My client is a landscape gardener and has recently purchased a Nissan Navara double cab vehicle to use for his work. There will be some private use as well as business use. I had thought this might qualify as a commercial vehicle rather than a car, although I am feeling a little uncertain as the vehicle does have passenger seats to the rear of the driver and there are windows for those rear seats.
Let us first ascertain whether the vehicle in question is a car or a commercial vehicle as this will be the starting point for deciding if input tax is recoverable.
The VAT definition of a car is in Statutory Instrument 1992/3122. The basic definition is that it is a vehicle to be used on public roads that has three or more wheels and is either constructed or adapted solely or mainly for the carriage of passengers, or has to the rear of the driver’s seat roofed accommodation which is fitted with side windows or which is constructed or adapted for the fitting of side windows.
This definition may lead us to the conclusion straight away that the Nissan Navara double cab will be a car for VAT purposes. However, there are important clauses in the legislation further defining what is or is not a car. A vehicle constructed to carry a payload of one tonne or more is not a car for VAT purposes. This is a very important factor for double cab vehicles as many of them will have a payload of over a tonne and therefore will qualify as commercial vehicles. Your client should check the specifications of his particular model to check if the payload is over one tonne. If it is, his vehicle is a commercial vehicle rather than a car. Similarly, if the unladen kerbside weight of the vehicle is three tonnes or more this excludes it from the definition of a car.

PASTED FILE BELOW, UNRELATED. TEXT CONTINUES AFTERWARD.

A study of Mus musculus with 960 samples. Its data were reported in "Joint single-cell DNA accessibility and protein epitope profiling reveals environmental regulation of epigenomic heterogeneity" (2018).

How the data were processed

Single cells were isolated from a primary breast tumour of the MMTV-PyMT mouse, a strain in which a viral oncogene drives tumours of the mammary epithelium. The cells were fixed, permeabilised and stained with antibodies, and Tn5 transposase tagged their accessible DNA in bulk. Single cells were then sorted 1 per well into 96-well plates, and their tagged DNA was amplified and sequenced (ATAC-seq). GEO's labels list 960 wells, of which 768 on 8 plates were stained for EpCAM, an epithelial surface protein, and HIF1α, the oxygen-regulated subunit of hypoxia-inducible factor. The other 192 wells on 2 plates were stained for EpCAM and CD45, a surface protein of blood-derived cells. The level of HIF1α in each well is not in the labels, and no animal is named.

Having established whether the vehicle is a commercial vehicle or a car let us now consider the implications for recovery of input tax on the purchase.
Input tax recovery on a car is blocked unless:
it is stock in trade for a manufacturer or dealer, or
it is intended to be used primarily as a taxi, driving instruction car, or self-drive hire car, or
it will be used exclusively for business purposes and would not be made available for the private use of anyone.
The last of these conditions place a very high burden of proof on the taxpayer as it requires measures to be in place preventing the taxpayer or their employees from using the car for private use – even, for example, in case of emergency – and thus is difficult to meet satisfactorily.